Hammond, northwest corner of the Calumet region

HAMMOND (598.5 alt., 83,048 pop.) is in the extreme northwest corner of the Calumet region and merges with Chicago on Indianapolis Boulevard. The Grand Calumet River traverses the city from east to west, and Wolf Lake is partly within the corporate limits. The width of a street separates Hammond from Calumet City, Illinois, and it is only two blocks from the dividing line to the heart of Hammond's business district, at State Street and Hohman Avenue. When Calumet City was incorporated in 1893, nine years after Hammond was advanced to the rank of city, the effect was to place a part of what was considered Hammond proper in a city of another State. There are few landmarks in Hammond reminiscent of the past. A network of railway tracks in the downtown commercial district dominates the scene, cutting diagonally through the principal streets. Traffic in the shopping district often waits for a train to pass.

A slaughterhouse, built in 1869, was the beginning of industry in Hammond. Previously called Hohman for an early settler, then State Line, because of its geographical location on the Indiana-Illinois Line, Hammond was finally named in honor of George H. Hammond, a Detroit butcher, founder of the local slaughterhouse and originator of refrigeration of dressed beef for shipment. When the Davis brothers, of Detroit, invented a refrigerator box to ship fish in good condition from Lake Huron and Lake Superior to Detroit, it occurred to Hammond that dressed beef might be transported in the same way, with great economy as compared to the old method of shipping live cattle. He organized a company and in 1869 bought the site where the original slaughterhouse was erected.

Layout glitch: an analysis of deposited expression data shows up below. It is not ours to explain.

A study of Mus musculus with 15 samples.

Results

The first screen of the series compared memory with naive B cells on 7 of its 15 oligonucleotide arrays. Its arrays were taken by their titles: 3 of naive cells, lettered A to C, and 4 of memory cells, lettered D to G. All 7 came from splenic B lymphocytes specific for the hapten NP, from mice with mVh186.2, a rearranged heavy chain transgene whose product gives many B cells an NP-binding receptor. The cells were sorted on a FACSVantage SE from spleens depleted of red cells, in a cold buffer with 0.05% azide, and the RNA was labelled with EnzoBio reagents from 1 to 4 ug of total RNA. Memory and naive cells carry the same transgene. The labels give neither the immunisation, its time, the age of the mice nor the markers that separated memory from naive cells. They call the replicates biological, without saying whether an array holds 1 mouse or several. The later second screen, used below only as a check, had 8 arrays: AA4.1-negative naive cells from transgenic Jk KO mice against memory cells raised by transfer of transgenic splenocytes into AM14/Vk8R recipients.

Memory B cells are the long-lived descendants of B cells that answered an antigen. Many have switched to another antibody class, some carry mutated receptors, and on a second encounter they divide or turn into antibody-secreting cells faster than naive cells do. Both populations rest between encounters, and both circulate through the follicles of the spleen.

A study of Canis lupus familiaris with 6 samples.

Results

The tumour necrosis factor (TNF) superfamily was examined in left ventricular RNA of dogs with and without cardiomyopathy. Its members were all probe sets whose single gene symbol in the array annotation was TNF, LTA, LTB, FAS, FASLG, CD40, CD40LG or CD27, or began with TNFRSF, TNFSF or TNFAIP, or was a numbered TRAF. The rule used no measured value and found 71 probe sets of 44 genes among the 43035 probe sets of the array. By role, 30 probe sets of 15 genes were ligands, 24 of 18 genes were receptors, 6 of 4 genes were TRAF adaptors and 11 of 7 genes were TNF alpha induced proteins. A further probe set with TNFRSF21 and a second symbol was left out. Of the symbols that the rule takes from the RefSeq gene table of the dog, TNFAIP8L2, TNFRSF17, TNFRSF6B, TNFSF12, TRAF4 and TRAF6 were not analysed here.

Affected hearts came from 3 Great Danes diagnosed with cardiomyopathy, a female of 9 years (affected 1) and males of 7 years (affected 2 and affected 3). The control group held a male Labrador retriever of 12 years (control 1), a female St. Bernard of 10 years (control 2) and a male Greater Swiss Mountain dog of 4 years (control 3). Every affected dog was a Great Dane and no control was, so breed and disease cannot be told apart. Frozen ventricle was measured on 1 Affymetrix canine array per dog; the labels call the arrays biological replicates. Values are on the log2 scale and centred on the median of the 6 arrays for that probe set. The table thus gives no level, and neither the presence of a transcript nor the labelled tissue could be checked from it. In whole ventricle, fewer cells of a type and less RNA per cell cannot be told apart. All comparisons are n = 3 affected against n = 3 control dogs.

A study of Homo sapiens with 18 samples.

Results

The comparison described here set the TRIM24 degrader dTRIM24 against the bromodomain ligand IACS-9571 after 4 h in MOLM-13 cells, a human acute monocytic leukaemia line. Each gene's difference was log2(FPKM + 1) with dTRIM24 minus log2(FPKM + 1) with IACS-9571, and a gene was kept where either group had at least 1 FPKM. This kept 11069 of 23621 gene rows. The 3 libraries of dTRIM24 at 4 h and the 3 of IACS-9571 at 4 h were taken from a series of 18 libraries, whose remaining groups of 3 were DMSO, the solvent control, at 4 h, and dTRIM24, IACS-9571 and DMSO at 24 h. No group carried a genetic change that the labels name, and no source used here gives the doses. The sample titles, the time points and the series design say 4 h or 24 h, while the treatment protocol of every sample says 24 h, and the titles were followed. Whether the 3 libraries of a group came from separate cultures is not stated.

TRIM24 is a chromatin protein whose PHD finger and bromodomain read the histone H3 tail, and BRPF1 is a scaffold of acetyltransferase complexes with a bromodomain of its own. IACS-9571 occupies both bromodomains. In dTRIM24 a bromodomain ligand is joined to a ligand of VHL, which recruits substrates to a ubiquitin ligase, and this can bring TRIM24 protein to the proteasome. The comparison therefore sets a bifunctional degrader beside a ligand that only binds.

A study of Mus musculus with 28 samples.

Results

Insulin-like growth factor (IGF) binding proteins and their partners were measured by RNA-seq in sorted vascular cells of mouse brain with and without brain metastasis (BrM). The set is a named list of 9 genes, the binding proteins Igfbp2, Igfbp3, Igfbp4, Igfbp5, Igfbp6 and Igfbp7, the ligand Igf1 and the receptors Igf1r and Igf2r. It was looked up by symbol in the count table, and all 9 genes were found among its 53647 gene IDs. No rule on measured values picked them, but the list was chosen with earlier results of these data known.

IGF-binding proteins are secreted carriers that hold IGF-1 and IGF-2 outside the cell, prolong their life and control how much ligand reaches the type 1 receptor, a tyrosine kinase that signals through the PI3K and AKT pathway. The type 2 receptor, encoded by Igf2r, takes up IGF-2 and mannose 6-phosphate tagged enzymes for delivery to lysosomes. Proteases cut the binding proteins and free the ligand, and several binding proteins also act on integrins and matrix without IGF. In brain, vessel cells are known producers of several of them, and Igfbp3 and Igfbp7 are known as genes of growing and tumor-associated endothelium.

With the establishment of the packing plant, butchers, carpenters, and laborers came to the community. The coming of the Erie and Nickel Plate Railroads in 1882 and the Monon in 1883 helped to develop Hammond. As a result it was incorporated as a city in 1884, and by 1900 it was a lively city of 12,000. In 1901 the packing plant was destroyed by fire, and thousands of families moved away. However, in 1903 and 1904 other factories began to arrive and Hammond again expanded, new factories being built even during the panic of 1907. The industrial growth of the entire Calumet region has contributed to the increased importance of this city since 1910.